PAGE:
Hannibal Hawkins Macarthur
|Hannibal Hawkins Macarthur|
Portrait of Hannibal Hawkins Macarthur as a young man
Mitchell Library, State Library of New South Wales: ML 145.
16 January 1788|
Plymouth, Devonshire, England
|Died||21 October 1861
Norwood, London, England
|Resting place||West Norwood Cemetery, London, England|
|Spouse(s)||Anna Maria King|
Hannibal Hawkins Macarthur (16 January 1788 – 21 October 1861) was an Australian colonist, politician, businessman and wool pioneer. The nephew of John Macarthur and son-in-law of former New South Wales governor, Philip Gidley King, he was well-connected in the early colony of New South Wales.
First sojourn in New South Wales
Hannibal Hawkins Macarthur was born on 16 January 1788 at Plymouth, Devonshire, England. His father, James Macarthur, a draper, was the elder brother of John Macarthur. When his uncle John returned to New South Wales after resigning his commission to avoid being posted to Norfolk Island, he persuaded Hannibal to join him. Hannibal arrived at Sydney on 9 June 1805.
Return to New South Wales
He gained recognition while caring for his uncle's merino sheep during his absences, and by 1817 was able secure land for his own merino flocks, and run a trading store. He actively participated in the intrigues of the time and through his connections became prominent in the community and local politics. He joined the New South Wales Legislative Council in 1830, representing the conservatives in the nominated, and then part-elected Council for Parramatta until 1848.
He also had a directorship in the newly created Bank of Australia, but at its collapse in 1843 Macarthur became insolvent, lost most of his property, and relocated to Ipswich, in the Moreton Bay District of the Colony of New South Wales (later the Colony of Queensland), where he was given a commission as police magistrate from 1 January 1852.
In 1812 at St Marylebow, London, Hannibal Macarthur married Anna Maria King. Anna was born on 22 April 1793 on Norfolk Island, the daughter of former New South Wales governor Philip Gidley King and his lawful wife Anna Josepha (née Coombe).
One of his daughters, Elizabeth (17 May 1815 – 27 November 1899), married Philip Gidley King, son of Philip Parker King, another Anna (7 December 1816 – 23 June 1852) married John Clements Wickham and a third, Catherine (14 June 1818 – 10 April 1894) married Patrick Leslie,:21 while a fourth, Emmeline (10 July 1828 - 23 December 1911), married George Farquhar Leslie (brother to Patrick Leslie).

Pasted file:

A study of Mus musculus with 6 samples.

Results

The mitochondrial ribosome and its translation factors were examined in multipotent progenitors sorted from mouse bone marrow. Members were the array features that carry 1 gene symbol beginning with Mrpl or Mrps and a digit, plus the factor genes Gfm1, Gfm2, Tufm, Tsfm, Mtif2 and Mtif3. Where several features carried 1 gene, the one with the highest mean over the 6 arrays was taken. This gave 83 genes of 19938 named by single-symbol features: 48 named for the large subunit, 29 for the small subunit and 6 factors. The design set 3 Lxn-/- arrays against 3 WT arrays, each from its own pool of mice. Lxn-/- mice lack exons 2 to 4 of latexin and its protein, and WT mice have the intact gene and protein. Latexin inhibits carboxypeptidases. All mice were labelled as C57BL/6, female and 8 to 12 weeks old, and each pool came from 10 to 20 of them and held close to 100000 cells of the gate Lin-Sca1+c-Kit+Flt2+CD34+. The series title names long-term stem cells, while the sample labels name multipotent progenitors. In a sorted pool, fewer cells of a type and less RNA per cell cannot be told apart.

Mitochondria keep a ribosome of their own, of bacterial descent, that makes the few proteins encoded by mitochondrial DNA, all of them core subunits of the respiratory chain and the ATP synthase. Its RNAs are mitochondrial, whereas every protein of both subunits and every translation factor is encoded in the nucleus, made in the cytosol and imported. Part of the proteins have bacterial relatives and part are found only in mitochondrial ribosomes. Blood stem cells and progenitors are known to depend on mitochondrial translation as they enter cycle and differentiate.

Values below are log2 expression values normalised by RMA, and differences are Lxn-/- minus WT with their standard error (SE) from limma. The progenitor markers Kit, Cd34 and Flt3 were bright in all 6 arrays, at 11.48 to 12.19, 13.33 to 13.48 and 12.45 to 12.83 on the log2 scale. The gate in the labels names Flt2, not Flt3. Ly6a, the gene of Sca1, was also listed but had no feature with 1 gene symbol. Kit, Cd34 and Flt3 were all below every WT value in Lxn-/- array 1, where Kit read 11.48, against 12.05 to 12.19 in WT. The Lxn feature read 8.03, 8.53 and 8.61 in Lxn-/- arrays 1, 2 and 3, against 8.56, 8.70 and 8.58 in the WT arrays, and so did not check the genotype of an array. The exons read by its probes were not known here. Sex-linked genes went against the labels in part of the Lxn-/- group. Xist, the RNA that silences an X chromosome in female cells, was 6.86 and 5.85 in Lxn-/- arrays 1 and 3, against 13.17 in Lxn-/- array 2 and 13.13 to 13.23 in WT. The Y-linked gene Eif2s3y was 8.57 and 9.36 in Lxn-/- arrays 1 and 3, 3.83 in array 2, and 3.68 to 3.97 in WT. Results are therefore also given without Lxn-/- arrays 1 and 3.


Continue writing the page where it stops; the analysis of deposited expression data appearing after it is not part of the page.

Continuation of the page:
Later years and death
His wife Anna died on 1 September 1852 at Woodend, Ipswich and was buried in the Ipswich General Cemetery. After her death, Hannibal Macarthur returned to England, where he died at Norwood on 21 October 1861, and is buried at West Norwood Cemetery.
His wife Anna was commemorated with a baptismal font bowl and plaque at St Pauls Anglican Church at Ipswich by Queensland Women's Historical Association, unveiled on 25 February 1966 by Sir Henry Abel Smith, Governor of Queensland.
- Nairn, Bede. "Macarthur, Hannibal Hawkins (1788 - 1861)". Australian Dictionary of Biography. Australian National University. Retrieved 2007-03-01.
- Margaret Steven, "Macarthur, John (1766–1834)", Oxford Dictionary of National Biography, Oxford University Press, 2004; online edn, May 2006 Hannibal Hawkins Macarthur (1788–1861): doi:10.1093/ref:odnb/17334 accessed 15 Sept 2011.
- "Mr Hannibal Hawkins Macarthur (1788 - 1861)". Members of Parliament. Parliament of New South Wales. Retrieved 5 March 2010.
- "Anna Maria Macarthur". Monument Australia. Retrieved 9 July 2015.
- Unidentified (1826), Mrs Hannibal Hawkins Macarthur, John Oxley Library, State Library of Queensland, retrieved 10 July 2015
- C.G. Drury Clarke, "Captain John Clements Wickham, R.N. his antecedents and descendants" (1984) Journal of the Royal Historical Society of Queensland, Vol. 12 no. 1, pp. 1–25 ISSN 0085-5804.
- "FOWNC Newsletter No 27" (MS Word). Friends of West Norwood Cemetery. September 1996. Retrieved 2007-03-01.
- "Anna Maria Macarthur | Monument Australia". monumentaustralia.org.au. Retrieved 2015-11-07.